Starring Gordon Liu, Wang Lung Wei, Philip Kwok, Anita Lee, Choi Yue, Lee Hiu-Tung.
Fight Choreography by Philip Kwok
Directed by Stephan Yip Tin-Hang
Shaolin Kids starts at the Shaolin Temple, where Master Chi (Lui) has the unenviable task of trying to train a new generation of shaolin monks. Two of his youngest students, enamored with things like a Nintendo Gameboy, decide that there’s a better world out there and go out to seek their fortune, and so leave for Hong Kong. Master Chi follows them in order to bring them home, but must face his own ignorance of the outside world. The two boys are taken in by a young woman named Money (Lee) but find themselves in trouble when they uncover a belt of counterfeit money, and danger chases them in the form of a local drug boss (Lung Wei), and only Master Chi can save the day. (Of course he can. Like two little kids can take on Wang Lung Wei. Please.)
Shaolin Kids is a really cheap movie that was made to appeal to kids, but there is some casting that just makes you go “this is a kids film?” Aside from the mugging and overacting for the camera, and goofy sound effects, I have to admit I was wanting a hell of a lot more, and with that cast, who could blame me? Gordon Lui is, well, Gordon Lui, or as I like to refer to him, The Greatness. He plays the Shaolin master as well as ever, even in his more sillier scenes. On the other hand, in one section of the film Gordon Lui gets into a scuffle with Philip Kwok, who looked as if he stepped off of another film, and don’t even get me started on Wang Lung Wei. Hell, he does the famous finger wag, even in a damn kids movie! No one escapes the Wang Lung Wei finger wag. The man acted as if he thought he was in Outlaw Brothers 2!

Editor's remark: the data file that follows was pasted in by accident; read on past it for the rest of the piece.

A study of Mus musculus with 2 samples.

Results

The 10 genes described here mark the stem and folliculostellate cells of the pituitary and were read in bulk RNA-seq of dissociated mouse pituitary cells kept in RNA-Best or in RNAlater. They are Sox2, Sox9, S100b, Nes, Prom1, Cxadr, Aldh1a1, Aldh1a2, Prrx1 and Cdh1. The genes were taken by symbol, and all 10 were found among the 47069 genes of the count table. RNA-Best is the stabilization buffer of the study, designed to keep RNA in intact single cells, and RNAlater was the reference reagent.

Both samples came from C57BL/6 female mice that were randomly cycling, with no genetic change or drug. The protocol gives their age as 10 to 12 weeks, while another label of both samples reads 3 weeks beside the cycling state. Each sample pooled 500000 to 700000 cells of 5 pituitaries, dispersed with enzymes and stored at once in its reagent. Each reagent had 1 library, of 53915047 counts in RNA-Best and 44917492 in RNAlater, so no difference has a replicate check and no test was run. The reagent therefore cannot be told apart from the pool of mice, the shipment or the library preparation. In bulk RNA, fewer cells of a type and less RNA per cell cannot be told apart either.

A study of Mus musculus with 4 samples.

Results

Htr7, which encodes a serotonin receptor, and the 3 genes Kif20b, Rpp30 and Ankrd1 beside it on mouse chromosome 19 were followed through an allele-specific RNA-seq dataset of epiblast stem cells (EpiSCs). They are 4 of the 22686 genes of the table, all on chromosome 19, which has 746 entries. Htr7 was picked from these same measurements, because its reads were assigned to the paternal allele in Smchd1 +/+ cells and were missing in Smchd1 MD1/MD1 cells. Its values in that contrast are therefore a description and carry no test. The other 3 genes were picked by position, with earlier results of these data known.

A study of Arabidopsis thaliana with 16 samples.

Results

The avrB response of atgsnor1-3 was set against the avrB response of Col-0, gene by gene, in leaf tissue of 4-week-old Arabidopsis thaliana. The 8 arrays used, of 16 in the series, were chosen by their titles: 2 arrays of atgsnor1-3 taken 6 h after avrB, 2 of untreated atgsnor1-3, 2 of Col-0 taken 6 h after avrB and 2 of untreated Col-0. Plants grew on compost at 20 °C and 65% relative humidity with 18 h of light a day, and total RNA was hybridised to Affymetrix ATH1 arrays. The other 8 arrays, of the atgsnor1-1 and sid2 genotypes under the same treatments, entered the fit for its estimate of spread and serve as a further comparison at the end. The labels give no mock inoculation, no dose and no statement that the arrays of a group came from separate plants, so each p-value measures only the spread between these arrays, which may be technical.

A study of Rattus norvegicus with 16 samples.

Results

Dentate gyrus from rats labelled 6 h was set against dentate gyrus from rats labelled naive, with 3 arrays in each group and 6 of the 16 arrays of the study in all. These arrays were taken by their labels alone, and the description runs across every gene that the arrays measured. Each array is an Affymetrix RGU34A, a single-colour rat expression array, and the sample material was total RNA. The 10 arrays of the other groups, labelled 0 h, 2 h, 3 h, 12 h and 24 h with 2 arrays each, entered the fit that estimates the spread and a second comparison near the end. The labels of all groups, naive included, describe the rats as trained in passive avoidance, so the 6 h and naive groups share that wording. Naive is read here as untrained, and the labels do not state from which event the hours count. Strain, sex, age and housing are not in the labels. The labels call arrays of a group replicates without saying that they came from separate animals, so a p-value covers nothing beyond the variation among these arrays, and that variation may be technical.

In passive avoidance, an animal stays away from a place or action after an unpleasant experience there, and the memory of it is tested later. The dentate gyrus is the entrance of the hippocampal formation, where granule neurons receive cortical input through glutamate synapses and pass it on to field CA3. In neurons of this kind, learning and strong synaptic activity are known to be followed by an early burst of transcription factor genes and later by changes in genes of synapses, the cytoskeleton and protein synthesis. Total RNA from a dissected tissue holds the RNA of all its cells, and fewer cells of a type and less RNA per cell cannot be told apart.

The fights are kidified and relatively bloodless, and the plot is truly silly, but with a decent final bout between Gordon and Wang Lung Wei, I couldn’t complain, except that this is a kids’ movie! The cinematography is shoddy at best, and there is not really anything of any artistic value from a directing standpoint. It’s hard to grade a film like this, as it was meant for kids, but that doesn’t mean it can’t be good. A better director would have made far greater use of his talent.
Kiai-Kick’s Grade: 3
It’s breezy entertainment meant for the wee ones. Some odd casting keeps things slightly above the kid level. Not really one to recommend. Let the kids watch Kung Fu Panda instead.